Target on Monday said it has hired two new senior food and beverage executives — set to start later this month — to accelerate its food and beverage strategy, which includes an emphasis on fresh produce, convenient eating and a curated assortment of affordable and accessible private-label and national brands, according to a company press release.
Mark Kenny has been named to a divisional vice president role of meat and fresh prepared food, where he will oversee the meat, seafood, deli, bakery and prepared food categories. He comes from Walmart, where he most recently was the senior director of private brands, deli and bakery, and will report to Jeff Burt, senior vice president of food and beverage.
Liz Nordlie, who was most recently the president of the baking division at General Mills, has been named vice president of product design and development for food and beverage at Target. She will oversee the brand direction and product vision for Target’s private label food and beverage effort, according to the press release. Nordlie brings 27 years of brand-building experience across 30 food and beverage businesses, including two decades in general management roles, building brands across cereal, snacks, meals, yogurt and baking core businesses. She’ll report to Julie Guggemos, senior vice president of product design and development.
Although Target has been hit with criticism for its lackluster grocery offering, CEO Brian Cornell has reiterated that the big-box retailer has no ambitions to serve as a traditional grocery retailer. Several analysts have questioned that, noting that grocery is a major driver of store traffic for retailers like Walmart. "Target continues to be plagued by a rather bland foray into grocery," Joleen Wroten, senior retail strategist at retail intelligence firm 360pi, told Retail Dive in an email earlier this year. "Target reportedly earns one-fifth of their sales from grocery categories whereas Walmart generates over 50% of their sales from grocery in the U.S."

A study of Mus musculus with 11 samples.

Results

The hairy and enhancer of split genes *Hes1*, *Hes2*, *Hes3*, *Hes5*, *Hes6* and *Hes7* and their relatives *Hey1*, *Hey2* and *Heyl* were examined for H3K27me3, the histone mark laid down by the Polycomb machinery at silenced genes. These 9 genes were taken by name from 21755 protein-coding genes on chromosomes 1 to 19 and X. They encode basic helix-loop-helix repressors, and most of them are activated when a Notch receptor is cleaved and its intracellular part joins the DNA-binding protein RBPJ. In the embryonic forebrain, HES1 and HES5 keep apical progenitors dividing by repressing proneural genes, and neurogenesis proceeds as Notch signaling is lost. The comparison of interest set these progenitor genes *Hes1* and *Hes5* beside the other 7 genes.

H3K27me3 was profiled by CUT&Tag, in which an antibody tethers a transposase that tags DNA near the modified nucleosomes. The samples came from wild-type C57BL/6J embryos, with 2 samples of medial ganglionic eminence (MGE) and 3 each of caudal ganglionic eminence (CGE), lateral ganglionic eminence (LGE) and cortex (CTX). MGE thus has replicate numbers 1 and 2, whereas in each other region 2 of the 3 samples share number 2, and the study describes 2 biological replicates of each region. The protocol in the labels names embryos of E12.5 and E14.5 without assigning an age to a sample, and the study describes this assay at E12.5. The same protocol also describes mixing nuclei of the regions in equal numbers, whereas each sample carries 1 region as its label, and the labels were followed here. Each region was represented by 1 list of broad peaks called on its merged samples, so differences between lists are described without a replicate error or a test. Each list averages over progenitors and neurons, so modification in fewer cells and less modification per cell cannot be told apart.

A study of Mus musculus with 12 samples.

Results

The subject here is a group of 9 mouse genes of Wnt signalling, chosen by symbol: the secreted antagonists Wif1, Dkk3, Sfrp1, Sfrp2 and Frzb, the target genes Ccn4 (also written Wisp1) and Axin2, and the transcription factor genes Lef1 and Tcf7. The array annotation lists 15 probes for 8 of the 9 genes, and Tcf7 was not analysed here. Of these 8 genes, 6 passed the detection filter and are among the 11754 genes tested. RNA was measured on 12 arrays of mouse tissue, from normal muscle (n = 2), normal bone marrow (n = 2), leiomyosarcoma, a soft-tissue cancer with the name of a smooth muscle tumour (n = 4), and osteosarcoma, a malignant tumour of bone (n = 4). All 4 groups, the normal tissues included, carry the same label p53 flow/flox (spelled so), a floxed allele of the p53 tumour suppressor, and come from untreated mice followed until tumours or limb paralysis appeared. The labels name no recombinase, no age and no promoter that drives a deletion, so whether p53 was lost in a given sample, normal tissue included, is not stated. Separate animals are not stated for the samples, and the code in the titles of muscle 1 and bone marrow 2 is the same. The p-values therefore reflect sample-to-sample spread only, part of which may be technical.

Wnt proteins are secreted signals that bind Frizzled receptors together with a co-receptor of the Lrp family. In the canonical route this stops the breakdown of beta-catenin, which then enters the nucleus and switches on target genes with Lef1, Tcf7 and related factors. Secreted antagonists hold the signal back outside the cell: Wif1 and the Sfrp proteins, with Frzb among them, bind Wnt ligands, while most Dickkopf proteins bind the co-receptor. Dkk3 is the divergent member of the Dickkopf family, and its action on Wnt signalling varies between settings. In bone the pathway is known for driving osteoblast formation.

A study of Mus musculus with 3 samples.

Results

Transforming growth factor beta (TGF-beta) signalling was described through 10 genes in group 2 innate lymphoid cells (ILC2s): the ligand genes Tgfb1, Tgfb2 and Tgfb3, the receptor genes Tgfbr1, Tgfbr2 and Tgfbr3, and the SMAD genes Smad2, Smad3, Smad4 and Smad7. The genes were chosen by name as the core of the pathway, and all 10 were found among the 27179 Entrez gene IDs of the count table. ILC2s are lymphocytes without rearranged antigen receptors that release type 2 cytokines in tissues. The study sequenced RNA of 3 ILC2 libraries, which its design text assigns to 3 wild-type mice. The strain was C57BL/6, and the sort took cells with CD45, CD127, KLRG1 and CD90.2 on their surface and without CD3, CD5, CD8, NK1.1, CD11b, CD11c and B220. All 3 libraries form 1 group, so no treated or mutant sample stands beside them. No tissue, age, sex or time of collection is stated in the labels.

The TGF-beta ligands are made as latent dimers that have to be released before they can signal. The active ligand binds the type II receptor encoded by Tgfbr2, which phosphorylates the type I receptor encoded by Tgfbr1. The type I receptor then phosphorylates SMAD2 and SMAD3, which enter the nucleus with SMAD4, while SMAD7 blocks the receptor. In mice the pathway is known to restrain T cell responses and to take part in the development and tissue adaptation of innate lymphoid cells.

It’s possible that Target is purposefully attempting to stay above the fray, considering the expanding competition from no-frills German grocery chains Aldi and Lidl that threaten to disrupt the grocery business and decimate the already thin margins of that category. In any case, Target's Cornell has declared the company has no intentions of morphing into a traditional grocery store, but new stores and formats will reveal how it plans to better merchandise grocery in critical urban markets.
Target has emphasized merchandise differentiation to compete on more than prices, and its grocery effort, bolstered by the addition of two executives in part tasked with amping up private label offerings, seems poised to follow that strategy, as well. And it should, she said. "Grocery is an exceptionally challenging space to compete in thanks to Walmart's aggressive pricing, new and expanding threats (ie. Fresh Thyme, Whole Foods and Hy-Vee's new format) and general market food deflation impacting everyone," Wroten said. "Additionally, recent reports indicate that Walmart has gone back to their manufacturers looking for even deeper cost cuts to support a push to further lower prices. This effort appears to be aimed at the likes of global discount supermarket chain Aldi and not players like Target, but embattling Walmart in a pricing war is undoubtedly a losing battle for Target. The retailer should return to their legacy ability to differentiate with exclusive, affordable 'fresh' product offerings coupled with clean and easy shopper experiences."
Amazon, whose own grocery efforts have met with challenges, is making Target's tricky grocery situation even trickier. There’s already evidence that Amazon Prime members in particular use the site to "solve their problem" if their favorite consumer product can’t be found at Target, Walmart or their usual grocery store, according to research from consulting firm Frank N. Magid Associates. As consumers shift away from brick and mortar towards e-commerce for consumables, the popularity of Amazon's services such as Prime, Pantry and Fresh are gaining ground, according to One Click Retail.
And Amazon is likely to only get stronger with its acquisition of Whole Foods. "We also think Target is more vulnerable to Amazon’s planned purchase of Whole Foods than Walmart, given what we believe is significantly greater overlap in customer demographics with both Amazon Prime and Whole Foods," MKM analyst Patrick McKeever wrote in a note cited by MarketWatch Monday.